Imagine if Moses were to come to America today with the mission of bringing the Jews to Israel. Chances are that his call would be met by deaf ears. Let’s face it - outside of a few weirdos, who would listen?
By and large, the Jews of America are too busy with their schooling, their careers, their businesses, their investments and vacations. Some would question his authority. Others would doubt that Hashem had really sent him. Liberal and Reconstructionist Jews would answer like Pharaoh, “Who is Hashem that I should listen to him?” Others would laugh at Moses’s Biblical garments and wooden staff.
Probably most of them would tell him to get lost.
“Aliyah is suicide,” some would tell him, like the Spies and the followers of Korach of old.
Not that it would ruffle Moses. After all, he had witnessed the very same scenario before, when he came to take the Jews out of Egypt. Back then, only a fifth of the Jews agreed to follow him to the Land of Israel. Four-fifths of the Egypt-loving Jews died in the plague of darkness.
Unfortunately this same dense darkness has enveloped Diaspora Jews today. The Torah terms is “darkness mamash” meaning literal darkness. This is a darkness so thick, you can actual feel it.
Jews who have made aliyah and who go back to America, or France, or England, to visit relatives, know what I mean. After speaking with fellow Jews there for a few minutes, you get the creepy feeling that they are totally out of touch with reality. Whenever I have to travel to America, I get the feeling that I am in a gigantic Alzheimer’s ward, where the patients have forgotten who they are.
Their number one concern is success and achievement – attaining the “good life” in America. Rebuilding the Jewish People in the Land of Israel is worthy of a donation, but certainly not the main concern of their lives.
I’m not talking about devoted Arutz Sheva addicts who, first thing every morning, click on to the website to see what’s happening “ba’Aretz.” I am talking about your average assimilated, Haredi, or Modern Orthodox Jew. Washington D.C. is their capital. America is their homeland. Judaism is their religion, not their nationality. In their Diaspora-distorted reality, they are Americans first. The proof is that hearing the “Star Spangled Banner” at baseball games gives them goose bumps. Their children pledge allegiance to the American flag. Their forefathers are Betsy Ross and George Washington. If Moses himself came and tried to persuade them that the Land of Israel was their home, and not America, or Canada, or Australia, or Mexico, they’d look at him like he was nuts.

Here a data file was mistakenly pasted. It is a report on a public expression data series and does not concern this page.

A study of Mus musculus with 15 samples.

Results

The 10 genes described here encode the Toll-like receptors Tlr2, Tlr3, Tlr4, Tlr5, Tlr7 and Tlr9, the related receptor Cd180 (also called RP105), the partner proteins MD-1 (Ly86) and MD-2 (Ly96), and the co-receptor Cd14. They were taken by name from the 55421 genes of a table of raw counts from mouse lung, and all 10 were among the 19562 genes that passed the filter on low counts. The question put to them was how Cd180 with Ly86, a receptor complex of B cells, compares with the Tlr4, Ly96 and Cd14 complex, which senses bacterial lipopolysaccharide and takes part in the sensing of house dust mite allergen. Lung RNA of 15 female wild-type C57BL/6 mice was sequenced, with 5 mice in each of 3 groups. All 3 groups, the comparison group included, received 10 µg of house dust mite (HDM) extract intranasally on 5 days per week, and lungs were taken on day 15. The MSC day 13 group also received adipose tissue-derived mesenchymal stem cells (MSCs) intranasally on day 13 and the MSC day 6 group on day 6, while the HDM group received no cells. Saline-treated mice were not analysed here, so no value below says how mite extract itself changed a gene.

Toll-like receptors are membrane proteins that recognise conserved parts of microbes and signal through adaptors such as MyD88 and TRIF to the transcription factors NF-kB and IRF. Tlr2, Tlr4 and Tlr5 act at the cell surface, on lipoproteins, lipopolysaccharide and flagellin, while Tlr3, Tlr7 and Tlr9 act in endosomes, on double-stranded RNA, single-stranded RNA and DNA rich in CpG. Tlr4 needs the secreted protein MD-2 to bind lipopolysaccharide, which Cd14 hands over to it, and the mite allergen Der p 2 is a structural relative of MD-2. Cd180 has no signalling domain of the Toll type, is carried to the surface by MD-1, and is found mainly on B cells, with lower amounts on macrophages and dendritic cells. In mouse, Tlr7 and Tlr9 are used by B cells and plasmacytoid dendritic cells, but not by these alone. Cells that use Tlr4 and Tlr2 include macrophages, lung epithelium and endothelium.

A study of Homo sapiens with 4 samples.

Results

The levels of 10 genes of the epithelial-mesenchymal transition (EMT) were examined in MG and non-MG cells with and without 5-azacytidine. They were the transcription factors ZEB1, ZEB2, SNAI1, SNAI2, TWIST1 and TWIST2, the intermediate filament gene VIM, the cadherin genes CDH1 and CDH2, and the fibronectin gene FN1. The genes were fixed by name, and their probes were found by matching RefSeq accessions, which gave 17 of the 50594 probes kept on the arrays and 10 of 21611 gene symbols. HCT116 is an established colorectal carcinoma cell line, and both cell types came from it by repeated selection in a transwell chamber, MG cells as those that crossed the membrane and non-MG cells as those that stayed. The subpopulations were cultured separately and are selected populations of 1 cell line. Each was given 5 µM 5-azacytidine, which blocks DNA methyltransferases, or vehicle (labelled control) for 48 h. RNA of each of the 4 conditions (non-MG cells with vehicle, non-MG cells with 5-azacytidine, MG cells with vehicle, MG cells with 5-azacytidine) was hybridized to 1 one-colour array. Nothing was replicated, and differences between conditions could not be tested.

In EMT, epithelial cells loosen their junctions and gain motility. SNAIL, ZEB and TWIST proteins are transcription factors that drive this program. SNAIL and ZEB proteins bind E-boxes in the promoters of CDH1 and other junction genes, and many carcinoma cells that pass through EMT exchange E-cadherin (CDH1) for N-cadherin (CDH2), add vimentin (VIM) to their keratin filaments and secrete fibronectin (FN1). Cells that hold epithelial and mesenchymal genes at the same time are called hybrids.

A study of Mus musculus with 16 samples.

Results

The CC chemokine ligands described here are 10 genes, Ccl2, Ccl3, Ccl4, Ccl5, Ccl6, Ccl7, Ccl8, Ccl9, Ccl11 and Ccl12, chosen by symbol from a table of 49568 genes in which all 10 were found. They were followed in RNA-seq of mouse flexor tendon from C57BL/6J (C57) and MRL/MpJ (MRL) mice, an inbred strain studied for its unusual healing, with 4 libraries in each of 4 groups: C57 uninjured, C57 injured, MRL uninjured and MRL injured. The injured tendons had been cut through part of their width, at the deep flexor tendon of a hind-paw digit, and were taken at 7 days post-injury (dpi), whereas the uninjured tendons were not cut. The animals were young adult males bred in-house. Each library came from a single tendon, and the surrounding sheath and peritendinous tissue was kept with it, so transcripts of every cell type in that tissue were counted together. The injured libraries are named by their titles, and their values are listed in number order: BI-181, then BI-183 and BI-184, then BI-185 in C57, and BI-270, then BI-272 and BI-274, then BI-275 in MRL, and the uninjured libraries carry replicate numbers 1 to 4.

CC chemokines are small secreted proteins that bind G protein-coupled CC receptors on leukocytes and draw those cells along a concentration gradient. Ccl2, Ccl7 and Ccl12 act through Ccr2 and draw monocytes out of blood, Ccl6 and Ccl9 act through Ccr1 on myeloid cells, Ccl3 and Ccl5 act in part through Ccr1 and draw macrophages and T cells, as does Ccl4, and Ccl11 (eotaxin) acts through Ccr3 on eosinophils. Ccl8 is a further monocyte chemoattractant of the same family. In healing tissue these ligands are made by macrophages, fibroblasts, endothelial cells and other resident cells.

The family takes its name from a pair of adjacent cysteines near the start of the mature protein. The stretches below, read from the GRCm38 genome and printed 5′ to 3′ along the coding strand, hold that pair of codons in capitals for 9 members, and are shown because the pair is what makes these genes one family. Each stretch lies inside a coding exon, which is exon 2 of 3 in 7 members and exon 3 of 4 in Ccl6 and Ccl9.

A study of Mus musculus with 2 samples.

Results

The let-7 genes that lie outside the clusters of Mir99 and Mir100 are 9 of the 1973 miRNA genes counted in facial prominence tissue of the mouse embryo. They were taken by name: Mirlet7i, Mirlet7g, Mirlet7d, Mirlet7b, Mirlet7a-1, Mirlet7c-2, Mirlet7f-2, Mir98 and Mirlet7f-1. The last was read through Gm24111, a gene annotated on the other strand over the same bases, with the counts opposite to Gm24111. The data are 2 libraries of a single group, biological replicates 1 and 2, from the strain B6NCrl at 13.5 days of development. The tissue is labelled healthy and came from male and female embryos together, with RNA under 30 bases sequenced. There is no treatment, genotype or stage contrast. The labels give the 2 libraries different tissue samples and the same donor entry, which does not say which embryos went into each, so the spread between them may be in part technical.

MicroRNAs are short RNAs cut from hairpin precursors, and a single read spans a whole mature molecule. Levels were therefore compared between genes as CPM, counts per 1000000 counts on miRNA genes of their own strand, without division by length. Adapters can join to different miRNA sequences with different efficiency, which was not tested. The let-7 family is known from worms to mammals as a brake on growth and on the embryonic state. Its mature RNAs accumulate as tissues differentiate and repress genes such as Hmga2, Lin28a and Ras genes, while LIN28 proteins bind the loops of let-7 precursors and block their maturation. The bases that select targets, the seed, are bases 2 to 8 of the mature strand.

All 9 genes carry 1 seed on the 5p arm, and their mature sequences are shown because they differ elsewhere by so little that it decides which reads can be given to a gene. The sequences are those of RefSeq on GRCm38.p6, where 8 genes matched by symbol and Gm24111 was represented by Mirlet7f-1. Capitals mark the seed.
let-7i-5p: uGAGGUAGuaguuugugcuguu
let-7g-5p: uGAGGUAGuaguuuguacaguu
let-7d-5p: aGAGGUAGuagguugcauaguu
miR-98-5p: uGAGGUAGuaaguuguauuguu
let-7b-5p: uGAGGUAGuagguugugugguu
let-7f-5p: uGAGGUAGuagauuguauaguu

I am not blaming them. The darkness of materialism is so great, who can fight against it? And there is nobody there to teach them about the centrality of Eretz Yisrael to Torah. At best, Jewish life in America revolves around the annual Federation dinner, or the shul, not around rebuilding our Nation in Israel. Instead of working to bring an end to the exile, they endeavor to lengthen it by strengthening their communities there.
The finale of the Pesach Seder, “Next year in Jerusalem,” has become an empty slogan. Just like waiting for Mashiach. Like with Moses, if Mashiach were to show up in Brooklyn or South Florida or Lakewood, he’d be chased out of town for upsetting their plans. That’s darkness “mamash.”
Nonetheless, Hashem has promised us that there will be a happy ending. Just as He is gathering the Jews in the Ukraine back to the Promised Land, one way or another He will bring the Jews of America home to Israel as well. Those of them who remain. In the meantime, happy Pesach!
Tzvi Fishman was awarded the Israel Ministry of Education Prize for Jewish Culture and Creativity. Before making Aliyah to Israel in 1984, he was a successful Hollywood screenwriter. He has co-authored 4 books with Rabbi David Samson, based on the teachings of Rabbis A. Y. Kook and T. Y. Kook. His other books include: "The Kuzari For Young Readers" and "Tuvia in the Promised Land". His books are available on Amazon. Recently, he directed the movie, "Stories of Rebbe Nachman."